Kirin helps Vietnam coffee farms get sustainability certification
Japanese beverage maker Kirin Holdings is helping coffee farmers in Vietnam obtain a sustainability certification from an international NGO. (Source photos by Reuters)
JUNYA HEMMI, Nikkei staff writer | Japan
TOKYO — Japanese beverage company Kirin Holdings is stepping up support for coffee growers in Vietnam, as it looks to cash in on growing consumer demand for sustainable products.
The company is training farmers in sustainable production methods, including soil management, helping them obtain certification from an international accreditation organization that promotes sustainable farming. The company aims to extend support to farms in 700 locations, double the current figure, by the end of the year.
Kirin Holdings foresees growing sales of sustainably produced food and beverages as consumer awareness of the United Nations sustainable development goals increases. The farmer training effort is also aimed at securing a steady supply of inputs for its products.
Kirin helps Vietnamese coffee growers get certification from the Rainforest Alliance, a U.S.-based nongovernmental organization. To be certified, farmers must not only refrain from using excessive amounts of agrochemicals and work to protect biodiversity but also enhance production efficiency and quality, and improve conditions for farmworkers.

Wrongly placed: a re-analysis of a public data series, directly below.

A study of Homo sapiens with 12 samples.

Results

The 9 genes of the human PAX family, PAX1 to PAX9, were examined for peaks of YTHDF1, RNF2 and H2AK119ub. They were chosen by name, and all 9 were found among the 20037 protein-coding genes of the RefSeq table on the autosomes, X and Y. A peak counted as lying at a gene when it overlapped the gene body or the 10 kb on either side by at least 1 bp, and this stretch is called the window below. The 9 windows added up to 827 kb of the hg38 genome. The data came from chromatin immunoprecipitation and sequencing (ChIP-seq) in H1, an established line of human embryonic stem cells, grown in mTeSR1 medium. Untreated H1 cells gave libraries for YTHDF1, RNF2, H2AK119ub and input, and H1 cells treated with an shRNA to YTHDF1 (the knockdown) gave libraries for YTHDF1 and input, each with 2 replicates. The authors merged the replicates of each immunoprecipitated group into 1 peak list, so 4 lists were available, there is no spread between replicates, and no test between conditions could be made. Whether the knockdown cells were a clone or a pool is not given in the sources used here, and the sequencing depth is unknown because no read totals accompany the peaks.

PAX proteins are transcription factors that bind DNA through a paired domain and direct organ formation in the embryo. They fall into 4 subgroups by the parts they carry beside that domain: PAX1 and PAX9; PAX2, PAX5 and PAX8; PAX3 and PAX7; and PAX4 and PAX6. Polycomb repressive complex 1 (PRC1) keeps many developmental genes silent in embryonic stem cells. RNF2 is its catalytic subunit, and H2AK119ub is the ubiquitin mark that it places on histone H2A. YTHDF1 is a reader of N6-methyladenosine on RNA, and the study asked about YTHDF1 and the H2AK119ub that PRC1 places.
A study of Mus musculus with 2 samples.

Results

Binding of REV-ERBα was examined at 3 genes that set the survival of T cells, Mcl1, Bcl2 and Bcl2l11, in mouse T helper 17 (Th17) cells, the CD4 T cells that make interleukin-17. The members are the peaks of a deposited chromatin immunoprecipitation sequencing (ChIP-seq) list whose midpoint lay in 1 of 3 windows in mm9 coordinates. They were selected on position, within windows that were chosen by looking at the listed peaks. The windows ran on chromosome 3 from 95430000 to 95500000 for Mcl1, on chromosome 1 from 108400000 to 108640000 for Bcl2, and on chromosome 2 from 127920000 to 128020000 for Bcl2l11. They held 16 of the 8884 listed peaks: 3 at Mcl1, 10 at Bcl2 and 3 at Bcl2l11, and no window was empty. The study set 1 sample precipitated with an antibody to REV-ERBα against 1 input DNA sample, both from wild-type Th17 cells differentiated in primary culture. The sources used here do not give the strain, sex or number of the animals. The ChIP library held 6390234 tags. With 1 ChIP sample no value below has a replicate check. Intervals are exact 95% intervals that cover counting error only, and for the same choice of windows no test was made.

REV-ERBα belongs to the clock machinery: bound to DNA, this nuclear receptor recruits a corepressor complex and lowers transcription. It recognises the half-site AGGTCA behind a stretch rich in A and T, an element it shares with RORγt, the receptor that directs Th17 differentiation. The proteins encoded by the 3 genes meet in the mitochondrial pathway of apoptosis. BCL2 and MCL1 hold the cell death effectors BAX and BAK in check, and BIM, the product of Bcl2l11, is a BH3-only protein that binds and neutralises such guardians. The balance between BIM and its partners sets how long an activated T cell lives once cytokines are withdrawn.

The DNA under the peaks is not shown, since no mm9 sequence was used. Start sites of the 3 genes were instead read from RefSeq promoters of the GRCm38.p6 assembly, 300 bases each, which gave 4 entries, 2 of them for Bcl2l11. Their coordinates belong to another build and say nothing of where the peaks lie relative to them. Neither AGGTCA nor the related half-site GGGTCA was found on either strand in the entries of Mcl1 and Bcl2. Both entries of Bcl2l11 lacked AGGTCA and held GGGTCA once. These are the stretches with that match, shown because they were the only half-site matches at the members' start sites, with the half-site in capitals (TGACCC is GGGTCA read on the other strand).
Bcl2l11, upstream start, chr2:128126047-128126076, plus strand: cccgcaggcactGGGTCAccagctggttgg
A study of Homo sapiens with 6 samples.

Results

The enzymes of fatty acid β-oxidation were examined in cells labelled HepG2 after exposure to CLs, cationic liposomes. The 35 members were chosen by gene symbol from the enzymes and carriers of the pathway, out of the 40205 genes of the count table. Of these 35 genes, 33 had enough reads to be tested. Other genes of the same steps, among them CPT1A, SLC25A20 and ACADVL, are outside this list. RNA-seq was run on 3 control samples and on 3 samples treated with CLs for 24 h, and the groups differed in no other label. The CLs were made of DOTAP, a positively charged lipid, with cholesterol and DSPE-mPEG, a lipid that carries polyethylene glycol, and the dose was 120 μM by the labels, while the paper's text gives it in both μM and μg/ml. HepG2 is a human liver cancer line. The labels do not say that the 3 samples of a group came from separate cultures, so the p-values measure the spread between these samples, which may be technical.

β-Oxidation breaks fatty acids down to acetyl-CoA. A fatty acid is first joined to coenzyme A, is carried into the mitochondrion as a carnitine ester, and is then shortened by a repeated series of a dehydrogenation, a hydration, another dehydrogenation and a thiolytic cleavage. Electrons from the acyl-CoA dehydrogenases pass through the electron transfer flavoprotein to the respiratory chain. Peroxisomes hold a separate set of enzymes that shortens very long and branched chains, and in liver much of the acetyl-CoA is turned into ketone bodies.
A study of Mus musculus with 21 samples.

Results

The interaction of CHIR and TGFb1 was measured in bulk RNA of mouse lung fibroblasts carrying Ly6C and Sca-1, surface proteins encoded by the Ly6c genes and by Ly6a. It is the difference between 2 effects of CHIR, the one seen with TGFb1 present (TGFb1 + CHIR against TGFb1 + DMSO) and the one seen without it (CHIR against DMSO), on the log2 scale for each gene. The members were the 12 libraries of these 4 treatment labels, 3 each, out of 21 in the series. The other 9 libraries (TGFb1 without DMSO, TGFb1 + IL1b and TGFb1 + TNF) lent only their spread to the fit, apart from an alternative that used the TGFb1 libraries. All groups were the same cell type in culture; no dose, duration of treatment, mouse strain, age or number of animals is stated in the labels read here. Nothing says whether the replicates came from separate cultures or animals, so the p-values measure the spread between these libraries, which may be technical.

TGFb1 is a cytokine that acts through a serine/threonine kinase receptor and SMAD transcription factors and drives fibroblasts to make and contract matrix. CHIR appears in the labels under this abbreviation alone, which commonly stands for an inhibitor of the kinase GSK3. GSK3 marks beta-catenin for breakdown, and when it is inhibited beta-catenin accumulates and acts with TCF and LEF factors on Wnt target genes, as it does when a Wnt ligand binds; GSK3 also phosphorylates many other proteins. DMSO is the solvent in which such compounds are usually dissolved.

Since last year, Kirin has supported 350 Vietnamese coffee farms, helping growers conserve water, protect rivers from pollution and introduce better cultivation methods for areas with low sunlight. Vietnam is the world’s second-largest coffee bean producer after Brazil. Vietnamese coffee represents about 30% of the ingredients Kirin uses in its products, such as canned coffee beverages. One issue for the company has been the fluctuating output among Vietnam’s many small coffee growers.
By assisting these farmers, Kirin aims to improve the quality of its own products and ensure steady production.
Thanks to increased consumer awareness, sales of beans certified by the Rainforest Alliance grew sharply around the world last year, rising 15% from the previous year. But Vietnam’s production of certified coffee beans is only about 10% that of Brazil, the top grower.
Kirin has been working with Sri Lankan tea farmers to gain Rainforest Alliance certification since 2013. The company hopes to apply know-how gained in Sri Lanka to coffee farms in Vietnam to increase the number of certified Vietnamese growers.